Despite disapproval, Greek housing not required to get University certification

Omega+Delta+is+an+example+of+a+fraternity+chapter+house+not+certified+by+the+University.++The+house+is+located+on+Lincoln+Ave+in+Urbana.+

Omega Delta is an example of a fraternity chapter house not certified by the University.  The house is located on Lincoln Ave in Urbana.

Omega Delta is an example of a fraternity chapter house not certified by the University. The house is located on Lincoln Ave in Urbana.

Elisabeth Neely

Omega Delta is an example of a fraternity chapter house not certified by the University. The house is located on Lincoln Ave in Urbana.

Elisabeth Neely

Elisabeth Neely

Omega Delta is an example of a fraternity chapter house not certified by the University. The house is located on Lincoln Ave in Urbana.

By Karen Liu, Staff Writer

Though most Greek houses on campus function as private certified housing, many fraternities and sororities do not have a University-certified chapter house of their own.

Exactly 38 fraternities and 19 sororities out of 91 University Greek organizations have a registered chapter house in 2016, which means 34 fraternities and sororities do not.

Mari Anne Brocker Curry, the associate director of housing, said that the University encourages the Greek houses to become certified because it is seen as a seal of approval. All private certified housings on campus need to meet certain standards. 

“If the organization owns the property, then if they are not certified, it is likely because that they have not met the certified housing standards that are provided by our office,” Curry said.

Omega Delta is an example of a fraternity chapter house not certified by the University. The address listed for the fraternity is the Turner Student Service Building, which is the location of the Fraternity and Sorority Affairs office.

The reason why the house isn’t registered with the Fraternity and Sorority Affairs office is because it’s not eligible for certified housing,” said Will Cheng, president of Omega Delta.

Cheng said despite the house not being private certified housing, it is still central to many of the chapter’s events and many members still live in the house.

Like many other fraternities on campus, Omega Delta rents their house from a landlord, who is in charge of resolving the maintenance of the house.

“Since we’re the tenant of the house, we’re responsible for any issue that happens in the house,” Cheng said. “If something extremely major happens in the house, the school will be notified too.”

Curry said that the University does not encourage uncertified Greek houses to put their letters on the outside of the house. However, if the house chooses to do so, the University does not have any rules against it.

“What we can do is talk to the national organization, and say ‘you understand that they’re portraying this as a house that you own or a house that you’re responsible for,’” Curry said. “And sometimes the national organization would step in and say ‘you can’t label the house like this because this isn’t a house that we own.’ But there isn’t anything the University can do.”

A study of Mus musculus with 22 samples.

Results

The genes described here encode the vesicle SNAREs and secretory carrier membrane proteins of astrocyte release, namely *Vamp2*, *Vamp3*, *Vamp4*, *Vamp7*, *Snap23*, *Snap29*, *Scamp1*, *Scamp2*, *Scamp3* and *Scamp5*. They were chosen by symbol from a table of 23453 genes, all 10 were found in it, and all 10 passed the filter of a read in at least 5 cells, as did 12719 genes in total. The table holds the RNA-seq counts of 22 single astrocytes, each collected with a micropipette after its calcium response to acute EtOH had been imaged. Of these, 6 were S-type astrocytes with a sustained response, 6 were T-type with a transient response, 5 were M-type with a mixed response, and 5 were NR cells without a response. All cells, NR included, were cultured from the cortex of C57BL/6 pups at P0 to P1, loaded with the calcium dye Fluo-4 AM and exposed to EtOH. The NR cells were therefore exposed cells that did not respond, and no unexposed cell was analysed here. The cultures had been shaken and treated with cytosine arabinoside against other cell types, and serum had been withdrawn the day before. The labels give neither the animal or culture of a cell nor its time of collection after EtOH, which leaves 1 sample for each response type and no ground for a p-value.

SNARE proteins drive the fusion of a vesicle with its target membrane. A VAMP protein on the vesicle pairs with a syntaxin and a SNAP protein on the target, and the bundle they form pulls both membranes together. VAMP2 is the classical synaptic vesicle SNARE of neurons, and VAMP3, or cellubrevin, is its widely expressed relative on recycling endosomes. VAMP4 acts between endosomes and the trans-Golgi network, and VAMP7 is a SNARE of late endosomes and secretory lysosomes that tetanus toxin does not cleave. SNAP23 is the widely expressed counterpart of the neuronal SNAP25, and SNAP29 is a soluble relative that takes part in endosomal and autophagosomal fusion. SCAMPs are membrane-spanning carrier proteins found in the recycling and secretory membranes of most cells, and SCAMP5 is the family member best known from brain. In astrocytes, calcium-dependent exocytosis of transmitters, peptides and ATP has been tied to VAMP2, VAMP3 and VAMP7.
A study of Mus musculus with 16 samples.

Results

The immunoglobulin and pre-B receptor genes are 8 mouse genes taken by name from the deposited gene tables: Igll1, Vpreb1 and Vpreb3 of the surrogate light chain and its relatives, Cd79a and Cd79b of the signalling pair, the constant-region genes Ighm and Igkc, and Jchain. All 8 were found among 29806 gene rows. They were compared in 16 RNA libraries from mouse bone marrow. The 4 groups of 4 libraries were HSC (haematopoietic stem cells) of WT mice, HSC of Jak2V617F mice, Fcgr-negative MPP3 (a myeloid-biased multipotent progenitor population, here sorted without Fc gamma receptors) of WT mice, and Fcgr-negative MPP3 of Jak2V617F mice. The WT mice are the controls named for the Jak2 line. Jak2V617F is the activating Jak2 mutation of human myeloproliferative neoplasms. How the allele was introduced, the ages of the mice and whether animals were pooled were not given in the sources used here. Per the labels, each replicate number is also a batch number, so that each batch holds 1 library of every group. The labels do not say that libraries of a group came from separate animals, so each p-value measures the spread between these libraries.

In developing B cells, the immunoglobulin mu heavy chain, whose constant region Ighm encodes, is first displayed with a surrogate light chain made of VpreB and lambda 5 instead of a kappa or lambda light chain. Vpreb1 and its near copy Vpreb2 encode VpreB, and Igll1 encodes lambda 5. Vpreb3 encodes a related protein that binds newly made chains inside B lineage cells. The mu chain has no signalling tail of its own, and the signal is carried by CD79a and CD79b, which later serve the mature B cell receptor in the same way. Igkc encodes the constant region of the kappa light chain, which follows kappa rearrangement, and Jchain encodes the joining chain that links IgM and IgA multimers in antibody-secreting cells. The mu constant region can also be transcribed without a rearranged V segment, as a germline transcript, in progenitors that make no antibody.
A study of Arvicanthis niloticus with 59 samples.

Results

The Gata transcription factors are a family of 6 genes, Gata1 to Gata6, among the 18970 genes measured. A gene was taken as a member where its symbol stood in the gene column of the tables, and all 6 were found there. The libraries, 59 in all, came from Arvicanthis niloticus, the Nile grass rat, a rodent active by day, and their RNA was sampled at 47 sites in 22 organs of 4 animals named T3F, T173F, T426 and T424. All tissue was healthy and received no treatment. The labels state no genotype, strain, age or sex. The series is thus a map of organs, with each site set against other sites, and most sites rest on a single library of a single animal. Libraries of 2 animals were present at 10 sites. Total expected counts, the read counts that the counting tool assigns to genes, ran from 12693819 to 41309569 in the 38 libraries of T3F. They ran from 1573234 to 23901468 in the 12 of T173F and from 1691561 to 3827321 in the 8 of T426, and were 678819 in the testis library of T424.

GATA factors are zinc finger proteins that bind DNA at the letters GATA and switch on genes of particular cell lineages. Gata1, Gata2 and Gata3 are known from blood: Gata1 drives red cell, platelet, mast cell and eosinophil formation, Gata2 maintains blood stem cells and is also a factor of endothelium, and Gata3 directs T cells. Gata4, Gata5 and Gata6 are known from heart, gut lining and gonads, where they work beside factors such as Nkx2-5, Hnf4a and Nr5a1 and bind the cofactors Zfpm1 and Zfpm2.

Omega Delta chooses to only display their letters at certain times. Most of the time they put the letters away.

“Just in case something would have happened, our fraternity wouldn’t be the first organization to blame,” Cheng said.

Unlike Omega Delta, some Greek organizations just recently purchased a chapter house on campus. Alpha Psi Lambda is one of them.

The chapter president of Alpha Psi Lambda, Dulce Frausto, said that it is against their national rules to own a house due to insurance issues. If one chapter decides to buy a house, it will raise the dues for all.

Frausto said that the fraternity only has around 30 members, and the small size of the chapter may be because it’s harder to initiate new members without a chapter house.

“It’s doable, it’s just much harder,” Frausto said.

The University has listed the fraternities and sororities with private certified houses on the housing website as a reference for students and parents.

“If I’m a mom and I’m taking my son to school, I can look and see if it’s a house that has a minimum standard, or it’s just up to whoever owns the property to keep it in good repair,” Curry said.

A house can be revoked of certification if it fails to keep up with the private certified housing standards.

“A long time ago, it was unheard of for anyone to ever lose their certification. It just didn’t happen, and there are a couple of chapters that needed to be held accountable, so we didn’t let our standards fall,” Curry said.

Certifying Greek houses ensures that the residents are living in a safe environment that’s beneficial to their success at the University. The house isn’t just a place where they live, but a place at which they can feel supported, Curry said.